Domestic Violence Isn’t Limited to Physical Abuse

Domestic violence involves harm against someone the alleged actor was in an intimate relationship with. The term “harm” here refers not only to physical abuse resulting in bodily injury, but also to conduct that causes fear or distress in the other person, such as threatening, stalking, harassing, or disturbing the peace.

Regardless of the alleged acts, domestic violence is a serious offense in California. An arrest alone can lead to severe consequences restricting the alleged actor. And the court can impose harsh penalties upon anyone convicted.

If you were accused of domestic violence, schedule a consultation with the Law Offices of Evan E. Zelig, P.C. by contacting us at (707) 418-5352. We provide legal representation to the people of Santa Rosa.

What Is Domestic Violence?

In California, a person can be accused of domestic violence if they hurt or try to hurt a household or family member.

Individuals falling into these categories include:

  • Spouses or former spouses,
  • Domestic partners,
  • Current or former dating partners,
  • Individuals who are living together or have lived together,
  • People who have a child together, and
  • Relatives by blood or marriage.

What Forms Can Domestic Violence Take?

Domestic violence is often associated with physical acts of abuse.

Physical abuse can include, but is not limited to:

  • Hitting,
  • Biting,
  • Scratching,
  • Shoving,
  • Restraining without consent, or
  • Attempting to cause bodily injury.

However, domestic violence is not limited to actual contact with the alleged victim. Any conduct engaged in to coerce, control, or maintain power or dominance over the other person can be considered a form of abuse.

Under California Family Code §§ 6203 and 6320, abuse can also consist of:

  • Threats: This involves making a statement to another person causing them to reasonably fear that they or someone close to them is in danger of being hurt or killed.
  • Harassment: This includes engaging in repeated actions over a period of time that have no legitimate purpose and cause the alleged victim to feel fear or suffer emotional distress.
  • Stalking: This is when someone maliciously and repeatedly follows another person and makes a threat to cause the other individual to reasonably fear for their safety.
  • Destruction of property: This involves damaging or defacing someone else’s belongings without consent.
  • Disturbance of peace: This includes causing harm to someone’s mental or emotional well-being. It can be accomplished by isolating the alleged victim from people they’re close to; controlling the individual’s movement, communication, and/or finances; and depriving them of necessities.

Another major and common form of domestic abuse is sexual assault. Although this act is physical, it does not always lead to bodily injury (in some cases, it can).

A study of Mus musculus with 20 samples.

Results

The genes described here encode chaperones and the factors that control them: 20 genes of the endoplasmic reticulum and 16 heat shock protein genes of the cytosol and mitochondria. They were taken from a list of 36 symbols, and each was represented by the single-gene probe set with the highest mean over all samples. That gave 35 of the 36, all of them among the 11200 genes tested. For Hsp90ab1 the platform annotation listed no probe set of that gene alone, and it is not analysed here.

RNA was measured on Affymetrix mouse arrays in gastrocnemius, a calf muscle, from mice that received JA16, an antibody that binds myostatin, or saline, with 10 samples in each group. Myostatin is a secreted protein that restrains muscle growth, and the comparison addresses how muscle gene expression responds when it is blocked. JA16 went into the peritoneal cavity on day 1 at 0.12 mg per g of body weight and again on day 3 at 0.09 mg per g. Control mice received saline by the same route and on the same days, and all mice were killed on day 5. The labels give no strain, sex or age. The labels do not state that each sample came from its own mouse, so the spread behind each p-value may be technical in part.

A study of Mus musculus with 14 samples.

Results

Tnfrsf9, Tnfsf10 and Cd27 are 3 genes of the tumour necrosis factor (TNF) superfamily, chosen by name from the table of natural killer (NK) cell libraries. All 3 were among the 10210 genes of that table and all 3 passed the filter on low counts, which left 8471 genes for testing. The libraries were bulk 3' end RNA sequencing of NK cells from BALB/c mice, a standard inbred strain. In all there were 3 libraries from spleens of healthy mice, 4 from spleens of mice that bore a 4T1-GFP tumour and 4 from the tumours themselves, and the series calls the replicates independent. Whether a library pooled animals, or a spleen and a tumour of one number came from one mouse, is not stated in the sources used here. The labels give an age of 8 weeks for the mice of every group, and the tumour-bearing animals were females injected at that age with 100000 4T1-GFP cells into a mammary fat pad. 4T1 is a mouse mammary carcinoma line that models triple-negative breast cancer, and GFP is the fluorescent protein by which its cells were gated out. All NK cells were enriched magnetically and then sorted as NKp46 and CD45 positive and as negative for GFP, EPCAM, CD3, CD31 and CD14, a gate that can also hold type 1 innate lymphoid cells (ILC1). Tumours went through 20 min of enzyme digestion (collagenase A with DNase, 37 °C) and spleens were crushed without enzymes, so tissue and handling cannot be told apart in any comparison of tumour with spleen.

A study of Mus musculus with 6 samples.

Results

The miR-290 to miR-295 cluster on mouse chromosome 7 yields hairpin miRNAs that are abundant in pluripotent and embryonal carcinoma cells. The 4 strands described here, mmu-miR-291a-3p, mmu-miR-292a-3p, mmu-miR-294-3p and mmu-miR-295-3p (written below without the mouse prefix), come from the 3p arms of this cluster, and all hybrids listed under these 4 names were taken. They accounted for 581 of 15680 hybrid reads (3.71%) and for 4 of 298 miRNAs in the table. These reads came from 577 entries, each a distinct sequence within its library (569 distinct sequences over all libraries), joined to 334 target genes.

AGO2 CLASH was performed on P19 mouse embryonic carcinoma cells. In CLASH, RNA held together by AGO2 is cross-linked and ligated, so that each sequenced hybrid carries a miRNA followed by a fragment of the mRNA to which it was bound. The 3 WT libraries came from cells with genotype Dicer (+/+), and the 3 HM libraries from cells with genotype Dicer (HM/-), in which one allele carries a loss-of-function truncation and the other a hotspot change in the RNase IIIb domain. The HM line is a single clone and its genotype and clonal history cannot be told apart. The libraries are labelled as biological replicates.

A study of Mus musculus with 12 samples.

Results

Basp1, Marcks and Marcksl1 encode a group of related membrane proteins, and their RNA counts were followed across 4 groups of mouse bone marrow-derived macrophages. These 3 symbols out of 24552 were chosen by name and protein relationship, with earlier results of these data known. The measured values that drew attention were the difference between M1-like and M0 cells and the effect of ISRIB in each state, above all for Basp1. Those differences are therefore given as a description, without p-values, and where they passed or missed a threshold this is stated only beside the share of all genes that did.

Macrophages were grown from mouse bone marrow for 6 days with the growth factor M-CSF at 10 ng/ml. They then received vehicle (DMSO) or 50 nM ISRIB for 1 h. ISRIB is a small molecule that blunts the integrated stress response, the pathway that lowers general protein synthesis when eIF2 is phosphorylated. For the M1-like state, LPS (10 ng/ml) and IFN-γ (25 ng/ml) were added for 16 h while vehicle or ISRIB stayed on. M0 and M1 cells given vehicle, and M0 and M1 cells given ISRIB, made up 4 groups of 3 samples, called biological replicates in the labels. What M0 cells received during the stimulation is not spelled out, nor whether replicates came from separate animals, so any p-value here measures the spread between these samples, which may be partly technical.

Sexual assault involves:

  • Using force or coercion to make someone have sex either with the actor or another individual,
  • Engaging in sexual conduct with a person incapable of resisting, and/or
  • Making nonconsensual sexual contact with another person.

The Consequences of Domestic Violence

Whether the alleged domestic violence offense was physical, nonphysical, or sexual, the consequences the alleged actor faces can be detrimental. Soon after the arrest, without being charged or convicted, the alleged actor can be subject to a restraining order placing various restrictions on them.

For instance, they may be prohibited from:

  • Contacting the alleged victim,
  • Going anywhere the alleged victim frequents (e.g., home or work),
  • Remaining in a residence shared with the alleged victim, or
  • Possessing or purchasing a firearm.

Violating any of the terms of a domestic violence restraining order can result in an arrest and additional criminal charges and potential penalties. The alleged victim may also file a contempt of court action, which can lead to separate punishments that include jail time and/or fines.

Upon a conviction for the alleged domestic violence offense, the alleged actor can face a bevy of punishments.

Potential penalties can include:

  • Jail time
  • Fines
  • Victim restitution
  • Participation in a batterers’ intervention program
  • Loss of gun rights

The punishments can be imposed whether or not the alleged offense involved physical abuse.

Contact Our Firm Today

Domestic violence can take various forms, including physical contact and nonphysical actions. In either case, the consequences of an accusation are severe. A charge should not be taken lightly. If you were alleged to have harmed someone with whom you are in an intimate relationship, reach out to a criminal defense attorney as soon as possible. Your lawyer can build a defense to fight your charges, but they need time to investigate, analyze evidence, and identify weaknesses in the prosecutor’s case.

To speak with our Santa Rosa attorney about your situation, please call the Law Offices of Evan E. Zelig, P.C. at (707) 418-5352 or submit an online contact form today.